The Flat Earth Society

Other Discussion Boards => Technology, Science & Alt Science => Topic started by: JJA on June 26, 2020, 05:08:26 AM

Title: 10 years of the sun's history in 6 minutes - 2010 to 2020
Post by: JJA on June 26, 2020, 05:08:26 AM
https://www.nasa.gov/feature/goddard/2020/watch-a-10-year-time-lapse-of-sun-from-nasa-s-sdo

I wish they would have filled in the missing frames, the blinking is a bit distracting but I guess they were worried they would get accused of doctoring the video.   ::)

But it's an amazing video.  Fascinating to watch the sun hit it's solar maximum with all the activity and then quiet back down.  I'm looking forward to the next cycle so I can get more sunspot pictures, hopefully with upgraded equipment by then.

Crazy to watch those flares spring up. 

You can even download HD videos of it.
Title: Re: 10 years of the sun's history in 6 minutes - 2010 to 2020
Post by: Jura-Glenlivet II on June 26, 2020, 06:28:53 AM

Cool!....Well, hot.
Title: Re: 10 years of the sun's history in 6 minutes - 2010 to 2020
Post by: boydster on September 08, 2020, 05:10:40 PM
I realize I am necroing a post here, but I just stumbled across this and wanted to say thanks for sharing and WOW. Amazing to see the sun in that kind of detail as it goes through it's cycle of activity. I haven't seen the whole thing yet, but some of the intense activity between the 13 and 15 minute marks were enough to get my 7 year old to stop what she was doing and start watching right along with me... and more importantly, start asking questions about how it works and why it looks the way it does.

Anyway. All of that to say, great link and this was a fun thing to spend some time watching.
Title: Re: 10 years of the sun's history in 6 minutes - 2010 to 2020
Post by: Stash on September 08, 2020, 06:22:19 PM
I realize I am necroing a post here, but I just stumbled across this and wanted to say thanks for sharing and WOW. Amazing to see the sun in that kind of detail as it goes through it's cycle of activity. I haven't seen the whole thing yet, but some of the intense activity between the 13 and 15 minute marks were enough to get my 7 year old to stop what she was doing and start watching right along with me... and more importantly, start asking questions about how it works and why it looks the way it does.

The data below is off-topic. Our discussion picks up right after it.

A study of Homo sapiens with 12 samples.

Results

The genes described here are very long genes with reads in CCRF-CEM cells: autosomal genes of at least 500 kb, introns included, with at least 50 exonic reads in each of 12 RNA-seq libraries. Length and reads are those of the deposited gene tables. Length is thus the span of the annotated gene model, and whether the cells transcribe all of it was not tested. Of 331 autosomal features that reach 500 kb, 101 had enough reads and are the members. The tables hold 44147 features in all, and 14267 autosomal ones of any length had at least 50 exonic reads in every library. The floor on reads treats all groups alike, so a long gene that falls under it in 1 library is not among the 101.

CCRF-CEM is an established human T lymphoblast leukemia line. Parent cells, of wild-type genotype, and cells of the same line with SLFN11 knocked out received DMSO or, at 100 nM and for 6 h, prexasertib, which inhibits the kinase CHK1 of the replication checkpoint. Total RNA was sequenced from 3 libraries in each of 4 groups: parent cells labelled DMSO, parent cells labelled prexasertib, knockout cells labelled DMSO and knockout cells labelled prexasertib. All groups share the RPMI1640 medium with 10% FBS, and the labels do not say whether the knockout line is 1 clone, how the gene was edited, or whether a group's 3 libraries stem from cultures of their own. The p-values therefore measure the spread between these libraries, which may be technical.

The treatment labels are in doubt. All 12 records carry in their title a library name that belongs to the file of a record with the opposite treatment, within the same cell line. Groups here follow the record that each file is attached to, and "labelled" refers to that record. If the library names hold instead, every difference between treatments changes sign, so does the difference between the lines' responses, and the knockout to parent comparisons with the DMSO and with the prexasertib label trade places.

Anyway. All of that to say, great link and this was a fun thing to spend some time watching.

I agree, absolutely mesmerizing. No matter what anyone thinks about how big or how far away it is, Sol is a magnificent beast of inspiration and wonderment. Super cool to see it from a kid's perspective. And super cool just to see it as is.
Title: Re: 10 years of the sun's history in 6 minutes - 2010 to 2020
Post by: Shifter on September 08, 2020, 07:15:07 PM
6 minutes huh? I feel like I've been stuck here for an hour

Here is the highlights

Title: Re: 10 years of the sun's history in 6 minutes - 2010 to 2020
Post by: Jura-Glenlivet II on September 09, 2020, 12:39:43 AM

Thank you.
Title: Re: 10 years of the sun's history in 6 minutes - 2010 to 2020
Post by: Pezevenk on September 09, 2020, 04:47:59 AM
There was an app you could download (I don't remember what it was called exactly, I think Helioviewer or something similar) which let you make your own time lapses and put whatever filter you want from whatever observatory at whichever time, also to zoom in etc. It was very interesting.
Title: Re: 10 years of the sun's history in 6 minutes - 2010 to 2020
Post by: JJA on September 09, 2020, 04:56:39 AM
I realize I am necroing a post here, but I just stumbled across this and wanted to say thanks for sharing and WOW. Amazing to see the sun in that kind of detail as it goes through it's cycle of activity. I haven't seen the whole thing yet, but some of the intense activity between the 13 and 15 minute marks were enough to get my 7 year old to stop what she was doing and start watching right along with me... and more importantly, start asking questions about how it works and why it looks the way it does.

Anyway. All of that to say, great link and this was a fun thing to spend some time watching.

The activity was during the solar maximum that comes about every 11 years. That was a fun time to take photos, I've got a lot of good sunspot pictures from back then. Can't wait for the next one.